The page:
Drop Stereotypes, Adopt Archetypes

The Greeks' mythical Amazons defied the female stereotype by displaying characteristics of the most masculine archetype — warriors. (Photo courtesy of Wikimedia Commons)

High school English curriculum often gives an overview of the “archetype,” a steadfast character profile that appears in literature in different forms but has the same basic characteristics and function within a story.

But don’t think archetypes are only reserved for Homer and Shakespeare. They could be the key to moving past workplace gender divisions.

Gender stereotypes dictates that male equals masculine traits and female equals feminine, said Patricia Beach, co-owner of executive development organization Leadership Smarts. Instead, diversity leaders should look at masculine and feminine archetypes — characteristic sets that apply to both genders.

“In a workplace, it moves over time, this weaving between the masculine and feminine where you might lean toward listening and being in your more feminine energy, then lean toward decision-making with conviction and confirmation and focus (masculine energy),” she said.

It’s easy to jump to the stereotype of masculine energy’s workplace positives — such as confidence and outspokenness — vs. female energy’s negatives, such as emotiveness. Roger Toennis, Leadership Smarts’ other owner, said if leaders disconnect the male stereotype from the masculine archetype, women have access to those traits. The same goes for men trying to adopt more feminine traits, like listening and collaboration.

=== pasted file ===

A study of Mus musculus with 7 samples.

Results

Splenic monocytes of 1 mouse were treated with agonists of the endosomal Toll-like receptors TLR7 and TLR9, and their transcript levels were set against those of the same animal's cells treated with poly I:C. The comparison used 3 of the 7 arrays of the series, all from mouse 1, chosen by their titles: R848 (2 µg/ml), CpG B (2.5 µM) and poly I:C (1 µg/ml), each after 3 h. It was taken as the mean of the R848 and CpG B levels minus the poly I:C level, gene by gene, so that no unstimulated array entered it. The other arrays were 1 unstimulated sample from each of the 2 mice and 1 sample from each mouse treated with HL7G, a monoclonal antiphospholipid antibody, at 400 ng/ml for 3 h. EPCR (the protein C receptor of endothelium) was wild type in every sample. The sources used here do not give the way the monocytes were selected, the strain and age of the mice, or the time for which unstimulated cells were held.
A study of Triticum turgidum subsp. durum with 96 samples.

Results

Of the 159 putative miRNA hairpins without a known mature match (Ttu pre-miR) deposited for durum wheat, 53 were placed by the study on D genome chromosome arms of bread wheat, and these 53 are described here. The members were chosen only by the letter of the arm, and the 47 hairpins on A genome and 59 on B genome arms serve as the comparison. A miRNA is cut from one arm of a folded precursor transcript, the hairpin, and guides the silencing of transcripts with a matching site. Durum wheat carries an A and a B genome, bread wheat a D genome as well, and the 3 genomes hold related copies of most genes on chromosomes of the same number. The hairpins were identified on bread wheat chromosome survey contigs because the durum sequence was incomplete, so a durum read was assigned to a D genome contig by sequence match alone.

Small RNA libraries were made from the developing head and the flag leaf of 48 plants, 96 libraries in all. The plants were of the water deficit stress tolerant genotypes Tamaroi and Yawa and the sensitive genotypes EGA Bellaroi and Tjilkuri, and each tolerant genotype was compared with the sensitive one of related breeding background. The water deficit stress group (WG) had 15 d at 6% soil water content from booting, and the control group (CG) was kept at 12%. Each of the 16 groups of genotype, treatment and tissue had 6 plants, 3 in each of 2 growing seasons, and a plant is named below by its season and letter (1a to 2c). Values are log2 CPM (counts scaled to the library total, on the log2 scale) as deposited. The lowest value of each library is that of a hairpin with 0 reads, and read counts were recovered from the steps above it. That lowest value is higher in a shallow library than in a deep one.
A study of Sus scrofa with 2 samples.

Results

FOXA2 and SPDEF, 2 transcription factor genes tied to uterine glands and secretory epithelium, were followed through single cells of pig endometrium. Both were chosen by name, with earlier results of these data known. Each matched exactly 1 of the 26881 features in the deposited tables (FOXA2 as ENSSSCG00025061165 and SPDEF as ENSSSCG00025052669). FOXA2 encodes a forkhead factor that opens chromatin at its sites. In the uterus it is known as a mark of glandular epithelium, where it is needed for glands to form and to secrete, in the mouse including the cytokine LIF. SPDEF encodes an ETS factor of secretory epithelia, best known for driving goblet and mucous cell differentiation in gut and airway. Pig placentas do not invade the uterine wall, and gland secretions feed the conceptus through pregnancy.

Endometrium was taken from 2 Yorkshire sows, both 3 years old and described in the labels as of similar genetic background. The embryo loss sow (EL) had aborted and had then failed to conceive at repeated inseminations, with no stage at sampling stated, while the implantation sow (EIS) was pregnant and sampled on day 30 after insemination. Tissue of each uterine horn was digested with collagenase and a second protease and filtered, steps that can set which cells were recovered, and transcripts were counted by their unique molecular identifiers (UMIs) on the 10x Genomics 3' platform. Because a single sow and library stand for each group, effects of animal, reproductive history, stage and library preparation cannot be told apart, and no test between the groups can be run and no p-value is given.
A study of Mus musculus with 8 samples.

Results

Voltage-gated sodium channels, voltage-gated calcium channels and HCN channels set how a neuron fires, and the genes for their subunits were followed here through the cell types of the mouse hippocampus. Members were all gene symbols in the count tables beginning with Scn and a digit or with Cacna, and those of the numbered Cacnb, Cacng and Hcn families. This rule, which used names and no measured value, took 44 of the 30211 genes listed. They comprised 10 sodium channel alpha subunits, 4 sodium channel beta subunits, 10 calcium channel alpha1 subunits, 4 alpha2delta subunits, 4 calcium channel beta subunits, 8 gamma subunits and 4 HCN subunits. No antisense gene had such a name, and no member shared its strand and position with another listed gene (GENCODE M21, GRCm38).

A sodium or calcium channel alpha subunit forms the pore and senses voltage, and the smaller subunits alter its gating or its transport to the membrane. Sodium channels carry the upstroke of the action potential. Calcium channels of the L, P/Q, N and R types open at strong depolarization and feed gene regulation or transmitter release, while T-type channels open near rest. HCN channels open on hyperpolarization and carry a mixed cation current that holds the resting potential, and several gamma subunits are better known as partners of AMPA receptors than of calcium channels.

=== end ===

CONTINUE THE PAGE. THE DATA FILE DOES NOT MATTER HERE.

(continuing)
This decoupling is made difficult, not just by social constructs but also by linguistics.

“In our English language, when we talk about the feminine archetype or masculine archetype, those words sound like and therefore are associated with male and female,” Beach said. “In other languages, they talk about the yin and yang, for example, and yin is not as closely linked to ‘woman,’ just like yang is not as closely linked to ‘man.’ Those words are more freeform, and there’s this feeling of balance.”

They are related to each other, not dependent.

Beach and Toennis’ goal is to expand the conversation. They said that people intuitively understand how stereotype and archetype differ, but it’s sometimes hard to find the right language that doesn’t harken back to the old school, euphemistic slam, “He’s in touch with his feminine side.” To mitigate this, they’ve created what they call the “V-Factor,” in which “V” stands for versatility.

Some companies do more than change the language and perceptions around masculine and feminine traits, however. Nancy Mellard, executive vice president and general counsel for professional services company CBiz Inc.’s Employee Services Division, leads the organization’s programs from women. Her work has focused on getting women to embrace two feminine tendencies that have stood out the most to her: a solid work ethic and constant perfectionism.  

“The tendencies that hold us back (as women) are the same that push us forward,” she said. “What we have to find is a balance of when we use them to our advantage and when they become a disadvantage.”

Like Beach and Toennis, Mellard has pushed female employees to embrace their masculine traits as a way of getting success. An excellent work ethic and perfectionist attitude gets the job done well, but she said it can also hold workers back by making it difficult to close a project and move on to one for which they aren’t entirely prepared. Critical to her mission, however, is that employees still hold on to what separates the women from the boys.

“We own our careers, we own our futures and we don’t want to be men,” Mellard said. “Compromising is when women say, ‘If I could only act more like a man.’ Do I want to learn those behaviors to advance me and make me better? Yes, but I don’t want to compromise who I am. The saddest thing would be the day we all lead the same way. If we ever lose that diversity of thought, it would be a very sad day in corporate America.”